Us and Them

Jonah 4:2, 10-11 (NLT)
I knew that you are a
merciful and compassionate God, slow to get angry and filled with unfailing
love. You are eager to turn back from destroying people. Then the Lord said “but Nineveh has more than 12,000 people living in spiritual darkness, not to mention all the animals.  Shouldn’t I feel sorry for such a great city?”
 

Image courtesy of morguefile.com

While
reading a post by Rob Bell, I was reminded of the story of Jonah, often called
Jonah and the Whale.  What do you
remember?  How would you retell the
story?  What is this message?

You probably remember that God wanted Jonah to go to Nineveh (it’s OK if you
couldn’t remember the exact city) and that Jonah ran the other way.  Somehow, Jonah is swallowed by a whale and
transported back toward Nineveh at which point he follows God’s directive.  Is that about right?  Can you fill in more detail?  Is the message that we can’t run from what
God commands us to do?  Well, yes, that’s
part of it.
Rob
Bell revealed the history behind the story and pointed out some important
details.  The Israelites have suffered
greatly at the hands of the Assyrians.  God
wants Jonah to warn the Ninevites of His wrath and offer a plan of forgiveness
and redemption.  Bell explains “the Assyrians were like a huge, gaping, open wound for the Israelites.
 Bless the Assyrians?”  Not me! Jonah hops a ship full of pagan
sailors.  Interestingly, when a storm
kicks up, the pagans pray but Jonah tries to ignore God by sleeping.
After
the fish part, Jonah begrudgingly complies with God and becomes outraged when the
Ninevites repent.  Ironically, the enemy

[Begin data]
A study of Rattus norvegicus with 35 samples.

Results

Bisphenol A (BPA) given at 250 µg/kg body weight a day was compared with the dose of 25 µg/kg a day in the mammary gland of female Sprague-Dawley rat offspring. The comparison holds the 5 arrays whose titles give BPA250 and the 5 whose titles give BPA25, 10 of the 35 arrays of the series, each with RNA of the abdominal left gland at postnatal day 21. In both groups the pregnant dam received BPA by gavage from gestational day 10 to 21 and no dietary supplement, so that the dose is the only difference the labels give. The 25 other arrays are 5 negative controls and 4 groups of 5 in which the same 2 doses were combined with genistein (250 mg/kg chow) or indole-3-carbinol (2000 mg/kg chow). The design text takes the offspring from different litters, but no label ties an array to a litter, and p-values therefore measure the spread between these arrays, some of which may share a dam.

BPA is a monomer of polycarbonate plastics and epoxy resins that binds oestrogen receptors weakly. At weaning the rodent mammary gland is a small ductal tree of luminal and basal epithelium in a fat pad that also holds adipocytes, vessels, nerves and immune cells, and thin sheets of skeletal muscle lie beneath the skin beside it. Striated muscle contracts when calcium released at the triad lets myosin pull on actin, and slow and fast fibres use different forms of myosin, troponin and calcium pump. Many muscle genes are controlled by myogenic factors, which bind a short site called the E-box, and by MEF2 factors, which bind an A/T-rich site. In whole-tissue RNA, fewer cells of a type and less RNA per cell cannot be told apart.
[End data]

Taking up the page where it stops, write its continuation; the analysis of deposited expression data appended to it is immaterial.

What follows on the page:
is more open to God’s Word than Jonah has been. 
Jonah is so disgusted by God’s compassion toward these people that he
becomes depressed and wants to die. 
Bell
says the story “blasts our biases and labels to pieces with the
declaration that God is on everyone’s side, extending grace and compassion to
everyone – especially those we have most strongly decided are not on God’s
side.  Religious people have been very
good over the years at seeing themselves as US and people that aren’t a part of
their group as THEM.  But in this story,
the dude who sees himself as
us
is furious because of how chummy God and them have
become.”

So
is this story about a fish?  Or is the
fish distracting us from the real message?

2 Comments

  1. Jeanne Doyon on November 13, 2013 at 12:06 PM

    Love the layers of God's word–like an onion. It's truth just keeps going deeper still.

  2. CathyChung on November 13, 2013 at 12:48 PM

    The series by Rob Bell "What is the Bible?" is very good. He posts it on Tumbler, but I find it on Facebook. He gives excellent historical insight into the meaning of common biblical stories. He is working his way through the Bible.